Presented at the American Society of Landscape Architects annual meeting, Denver, November, 2014

The rapidly transforming Arctic landscape of Alaska is host to an extraordinary coupling of mega-infrastructure and shifting terrain. The Trans-Alaska Pipeline System (TAPS), an 800-mile seam stretching from the oil town of Prudhoe Bay to the major port of Valdez, Alaska, must adapt to acute changes in the environment as it moves over and under a gradient of permafrost, the Yukon River, the Denali Fault, the Brooks Mountain Range, and paths of caribou migration.  

Each of these instances requires specialized design: unique forms for offing excess heat, traversing frozen rivers, and negotiating seismic zones. The diversity of constructed forms expressed in this singular pipeline is a reflection of the fluctuating, and often severe, conditions surrounding it. In this way, the TAPS serves a second function as an index for measuring the powerful and variegated Arctic environment.

Here, in some of the most remote country in the United States, the adjacent pressures of resource extraction, development, and environmental preservation in the face of climate change are made stark, distilled along a single line. 



The architecture of the Trans-Alaska Pipeline System is superhuman in scale – 800 miles in length in addition to hundreds more miles of feeder pipeline. Unlike most pipelines, which are concealed beneath the ground, the 120 degree Fahrenheit oil flowing through the TAPS would melt the ice-rich Alaskan permafrost if buried, leading the pipe to rupture. Thus, for 420 miles of its journey, the pipeline rides above the ground on 78,000 vertical supports. Its distinct presence in the landscape complicates its relationship to the surrounding habitat, but also provides coincident opportunities for documentation and revelation.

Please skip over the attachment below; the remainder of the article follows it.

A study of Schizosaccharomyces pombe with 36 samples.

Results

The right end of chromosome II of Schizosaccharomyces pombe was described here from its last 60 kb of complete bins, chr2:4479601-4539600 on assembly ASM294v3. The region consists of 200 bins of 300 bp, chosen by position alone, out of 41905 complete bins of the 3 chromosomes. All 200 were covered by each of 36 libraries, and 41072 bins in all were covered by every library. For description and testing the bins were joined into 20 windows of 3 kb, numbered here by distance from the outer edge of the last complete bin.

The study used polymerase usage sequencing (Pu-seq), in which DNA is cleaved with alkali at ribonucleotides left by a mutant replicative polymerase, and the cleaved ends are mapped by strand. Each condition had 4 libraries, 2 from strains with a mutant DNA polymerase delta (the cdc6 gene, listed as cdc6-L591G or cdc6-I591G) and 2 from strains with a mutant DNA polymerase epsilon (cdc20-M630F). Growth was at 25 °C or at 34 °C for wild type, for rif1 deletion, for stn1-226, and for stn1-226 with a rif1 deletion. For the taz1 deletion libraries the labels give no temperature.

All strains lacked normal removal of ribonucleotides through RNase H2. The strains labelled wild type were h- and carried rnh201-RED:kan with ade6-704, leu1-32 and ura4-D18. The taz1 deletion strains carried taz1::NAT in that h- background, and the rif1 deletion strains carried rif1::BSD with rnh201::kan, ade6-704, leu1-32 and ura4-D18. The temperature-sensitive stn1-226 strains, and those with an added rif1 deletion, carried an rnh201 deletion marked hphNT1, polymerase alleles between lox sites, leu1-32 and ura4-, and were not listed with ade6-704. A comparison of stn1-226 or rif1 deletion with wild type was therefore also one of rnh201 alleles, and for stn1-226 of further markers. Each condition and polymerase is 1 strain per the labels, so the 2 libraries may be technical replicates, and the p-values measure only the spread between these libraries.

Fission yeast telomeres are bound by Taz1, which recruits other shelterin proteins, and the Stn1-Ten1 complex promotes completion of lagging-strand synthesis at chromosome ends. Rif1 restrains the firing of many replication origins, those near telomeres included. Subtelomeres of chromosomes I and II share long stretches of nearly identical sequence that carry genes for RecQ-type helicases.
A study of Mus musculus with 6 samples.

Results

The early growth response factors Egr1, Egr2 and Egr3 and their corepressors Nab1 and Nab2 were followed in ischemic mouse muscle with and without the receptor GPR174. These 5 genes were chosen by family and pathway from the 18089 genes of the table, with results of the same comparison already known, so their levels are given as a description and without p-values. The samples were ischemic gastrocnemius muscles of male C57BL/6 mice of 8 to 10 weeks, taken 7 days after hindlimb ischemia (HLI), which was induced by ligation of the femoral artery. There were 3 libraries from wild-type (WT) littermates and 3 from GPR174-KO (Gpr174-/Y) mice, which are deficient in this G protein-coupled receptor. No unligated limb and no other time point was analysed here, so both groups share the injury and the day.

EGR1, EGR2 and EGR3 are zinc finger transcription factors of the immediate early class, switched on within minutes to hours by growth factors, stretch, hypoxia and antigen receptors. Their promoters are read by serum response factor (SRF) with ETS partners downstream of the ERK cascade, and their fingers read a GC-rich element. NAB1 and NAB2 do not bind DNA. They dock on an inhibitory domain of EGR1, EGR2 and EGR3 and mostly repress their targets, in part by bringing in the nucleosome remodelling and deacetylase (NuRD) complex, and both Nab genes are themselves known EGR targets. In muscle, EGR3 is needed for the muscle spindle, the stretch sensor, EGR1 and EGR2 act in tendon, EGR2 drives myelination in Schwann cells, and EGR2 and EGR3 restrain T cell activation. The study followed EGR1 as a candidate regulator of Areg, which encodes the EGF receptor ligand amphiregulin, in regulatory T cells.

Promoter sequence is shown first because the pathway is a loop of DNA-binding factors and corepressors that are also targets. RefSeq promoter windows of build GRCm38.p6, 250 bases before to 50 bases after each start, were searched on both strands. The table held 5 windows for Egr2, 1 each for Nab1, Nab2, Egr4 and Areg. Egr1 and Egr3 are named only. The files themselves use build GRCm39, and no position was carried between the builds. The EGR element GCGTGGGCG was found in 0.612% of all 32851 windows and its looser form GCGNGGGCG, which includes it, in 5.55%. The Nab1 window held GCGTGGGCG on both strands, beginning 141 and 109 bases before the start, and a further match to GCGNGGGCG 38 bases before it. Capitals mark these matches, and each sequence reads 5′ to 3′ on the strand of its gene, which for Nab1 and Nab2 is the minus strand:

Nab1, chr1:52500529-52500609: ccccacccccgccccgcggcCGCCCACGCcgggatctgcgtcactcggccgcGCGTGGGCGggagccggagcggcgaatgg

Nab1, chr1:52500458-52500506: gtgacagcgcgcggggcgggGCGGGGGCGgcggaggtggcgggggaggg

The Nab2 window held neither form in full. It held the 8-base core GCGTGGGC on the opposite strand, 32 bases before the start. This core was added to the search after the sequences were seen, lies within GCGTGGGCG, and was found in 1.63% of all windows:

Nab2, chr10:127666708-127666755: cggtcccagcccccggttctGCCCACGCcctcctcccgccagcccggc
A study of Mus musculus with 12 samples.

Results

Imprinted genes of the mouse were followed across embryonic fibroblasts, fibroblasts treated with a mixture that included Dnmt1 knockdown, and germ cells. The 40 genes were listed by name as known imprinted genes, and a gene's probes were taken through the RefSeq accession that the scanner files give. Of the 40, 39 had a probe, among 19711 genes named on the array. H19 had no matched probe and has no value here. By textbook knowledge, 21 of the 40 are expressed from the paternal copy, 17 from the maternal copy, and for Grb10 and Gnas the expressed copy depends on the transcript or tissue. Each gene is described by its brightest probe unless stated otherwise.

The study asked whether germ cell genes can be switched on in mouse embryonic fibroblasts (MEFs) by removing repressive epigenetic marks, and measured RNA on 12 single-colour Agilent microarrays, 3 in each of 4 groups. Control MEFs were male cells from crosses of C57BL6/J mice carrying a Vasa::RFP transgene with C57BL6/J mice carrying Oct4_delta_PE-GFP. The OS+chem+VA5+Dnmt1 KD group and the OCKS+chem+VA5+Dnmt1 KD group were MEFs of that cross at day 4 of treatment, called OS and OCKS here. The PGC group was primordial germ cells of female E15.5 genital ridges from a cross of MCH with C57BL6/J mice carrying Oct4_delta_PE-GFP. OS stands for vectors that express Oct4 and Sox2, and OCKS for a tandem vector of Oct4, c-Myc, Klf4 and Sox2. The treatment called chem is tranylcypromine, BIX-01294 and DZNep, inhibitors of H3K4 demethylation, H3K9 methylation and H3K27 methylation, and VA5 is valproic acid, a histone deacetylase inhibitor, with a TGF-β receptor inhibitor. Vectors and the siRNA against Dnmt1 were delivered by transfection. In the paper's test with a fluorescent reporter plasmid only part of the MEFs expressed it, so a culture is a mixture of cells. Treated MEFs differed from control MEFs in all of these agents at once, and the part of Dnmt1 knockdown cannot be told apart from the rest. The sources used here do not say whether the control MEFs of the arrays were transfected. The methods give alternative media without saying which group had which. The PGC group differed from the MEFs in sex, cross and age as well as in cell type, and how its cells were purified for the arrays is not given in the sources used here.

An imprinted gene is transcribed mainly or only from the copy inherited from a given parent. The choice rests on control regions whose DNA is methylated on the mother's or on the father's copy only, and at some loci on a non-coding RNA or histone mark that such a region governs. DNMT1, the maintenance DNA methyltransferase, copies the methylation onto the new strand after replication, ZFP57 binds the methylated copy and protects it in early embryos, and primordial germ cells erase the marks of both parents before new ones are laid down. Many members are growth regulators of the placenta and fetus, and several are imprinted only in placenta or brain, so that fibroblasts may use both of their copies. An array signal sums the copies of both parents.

The form of resource extraction and transportation typified by the Trans-Alaska Pipeline System is unique to an era of petrochemical industrialization. Its coexistence with the Alaskan tundra is finite. The Arctic is warming at twice the rate of the rest of the globe, such that by the year 2100, a warmer atmosphere is predicted to push the edge of Alaskan permafrost northward over 300 miles, divorcing the specialized designs of the TAPS from its environment. In this way, the landscape along the TAPS is a landscape of irony - the oil drilled and transported through Alaska’s fragile permafrost terrain, is, in fact, fueling its transformation. 

In August of 2014 we traveled to Alaska to study the distinct architectural typologies of the Trans-Alaska Pipeline System as it responds to surrounding ecologies, warming atmospheres, and emergent conditions.